Today, the answer to ‘What’s in your glass?’ must include the words “Champagne” and the adjectival descriptor of your choice. It is, after all, National Champagne Day!
In anticipation, we’ve been devouring books on Champagne in search of an interesting new nugget of bubbly truth to pass on to you—the Foley Food & Wine Society faithful.
We stumbled upon the nugget from “The Sommelier’s Atlas of Taste” by Rajat Parr and Jordan Mackay. In their chapter on Champagne, the very first order of business is not about the Grandes Marques of Champagne or the iconic cuvées you should stockpile. Instead, it is about glassware and how one smallish-seeming change is, in fact, the tip of an iceberg of revolution.
For the longest time, the Champagne flute served its singular purpose: “showing off that which separates Champagne from other wines,” asserts Parr and Mackay, who add the obvious—“bubbles.”
Indeed, the Champagne flute, the base of which is “often etched with microscopic scratches to agitate the wine and release that mesmerizing torrent of bubbles,” as the authors explain, offers a purely visual enjoyment of Champagne.
By contrast, it’s become almost de rigueur in fine dining restaurants to serve Champagne in a standard white wine glass, or even a large, deep-bowled Burgundy stem. The reason is simple, according to Parr and Mackay—
“The broader glass emphasizes flavor and aroma, de-emphasizing bubbles and allowing them to escape,” which the authors assert is the revolutionary distinction: the oenophile’s way of suggesting that Champagne is wine first and foremost and should be enjoyed to its fullest. It’s an argument in stark contrast to the idea in favor of the visually enticing aspect of Champagne houses in a flute, which all but eradicates any chance of enjoying (or savoring) the actual aromas and flavors of Champagne.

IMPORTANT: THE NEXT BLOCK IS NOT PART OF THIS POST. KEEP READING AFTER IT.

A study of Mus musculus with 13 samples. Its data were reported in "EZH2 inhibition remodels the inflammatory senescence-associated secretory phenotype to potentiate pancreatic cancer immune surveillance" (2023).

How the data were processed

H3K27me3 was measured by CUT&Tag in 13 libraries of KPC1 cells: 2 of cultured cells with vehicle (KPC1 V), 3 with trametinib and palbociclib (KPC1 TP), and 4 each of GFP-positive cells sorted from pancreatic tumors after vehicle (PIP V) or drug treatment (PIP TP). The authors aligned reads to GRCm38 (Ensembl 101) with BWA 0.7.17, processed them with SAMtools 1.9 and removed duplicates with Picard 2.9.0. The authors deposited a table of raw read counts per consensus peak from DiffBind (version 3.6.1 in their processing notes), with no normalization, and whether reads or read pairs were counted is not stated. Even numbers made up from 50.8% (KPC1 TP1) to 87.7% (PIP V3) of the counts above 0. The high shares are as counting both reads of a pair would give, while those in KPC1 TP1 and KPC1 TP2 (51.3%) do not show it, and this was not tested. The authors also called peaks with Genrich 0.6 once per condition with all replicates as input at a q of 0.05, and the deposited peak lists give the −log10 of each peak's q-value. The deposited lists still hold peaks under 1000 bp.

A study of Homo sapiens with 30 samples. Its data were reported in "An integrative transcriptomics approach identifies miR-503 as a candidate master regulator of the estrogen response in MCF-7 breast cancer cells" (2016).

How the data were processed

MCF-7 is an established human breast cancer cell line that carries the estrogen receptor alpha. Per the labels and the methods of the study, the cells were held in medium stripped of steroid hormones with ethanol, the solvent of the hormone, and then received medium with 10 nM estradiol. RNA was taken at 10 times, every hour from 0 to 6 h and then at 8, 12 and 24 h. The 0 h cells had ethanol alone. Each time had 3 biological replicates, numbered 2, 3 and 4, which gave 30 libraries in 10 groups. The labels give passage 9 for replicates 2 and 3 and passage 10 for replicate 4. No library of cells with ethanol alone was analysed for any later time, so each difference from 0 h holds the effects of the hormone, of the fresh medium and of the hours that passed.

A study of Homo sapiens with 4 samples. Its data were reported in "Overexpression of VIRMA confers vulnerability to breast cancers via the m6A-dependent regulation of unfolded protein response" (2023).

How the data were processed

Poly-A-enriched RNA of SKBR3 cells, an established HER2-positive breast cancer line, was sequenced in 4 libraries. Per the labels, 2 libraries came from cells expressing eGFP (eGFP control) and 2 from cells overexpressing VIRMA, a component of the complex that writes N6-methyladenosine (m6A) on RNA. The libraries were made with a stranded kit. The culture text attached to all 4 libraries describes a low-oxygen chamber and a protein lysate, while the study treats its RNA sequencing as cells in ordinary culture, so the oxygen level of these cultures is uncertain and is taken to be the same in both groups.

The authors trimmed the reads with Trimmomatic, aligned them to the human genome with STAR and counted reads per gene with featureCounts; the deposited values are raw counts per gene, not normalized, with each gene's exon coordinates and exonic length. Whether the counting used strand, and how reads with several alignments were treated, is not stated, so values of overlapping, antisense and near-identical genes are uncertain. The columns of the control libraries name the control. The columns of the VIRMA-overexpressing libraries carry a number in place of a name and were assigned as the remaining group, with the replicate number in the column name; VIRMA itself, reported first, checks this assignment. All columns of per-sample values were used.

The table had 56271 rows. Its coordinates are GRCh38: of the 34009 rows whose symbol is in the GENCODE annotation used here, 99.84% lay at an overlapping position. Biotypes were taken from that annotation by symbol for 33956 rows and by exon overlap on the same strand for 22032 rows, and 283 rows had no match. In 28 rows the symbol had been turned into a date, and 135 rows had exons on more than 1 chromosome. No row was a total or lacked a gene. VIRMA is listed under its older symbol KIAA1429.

But to be clear, it’s not about hating on bubbles or ditching the bubbles to taste the natural flavors of a glass of Champagne. The bubbles, of course, serve a fundamental purpose.
Champagne is the northernmost wine-producing region in France, tucked into the northeast corner, where a very cool growing season means grapes are harvested with incredibly high natural acidities. The acid levels in Champagne are, in fact, near ‘bracing’ levels. But those zippy, zingy, electric acids are tempered by the captured carbon dioxide from the secondary fermentation and the dosage (mixture of wine and sugar, which determines whether the Champagne will be dry, off-dry, or sweet).
Together, the balance of sweetness, acidity, and CO2 creates harmony in the finished wine. Without those bubbles, the driest of Champagnes would leave you puckering up worse than a mouthful of green Jolly Ranchers!
So, make sure your bubbly is nice and chilled (especially if you’re planning to saber it), and get out your best white wine glasses to celebrate National Champagne Day. Santé!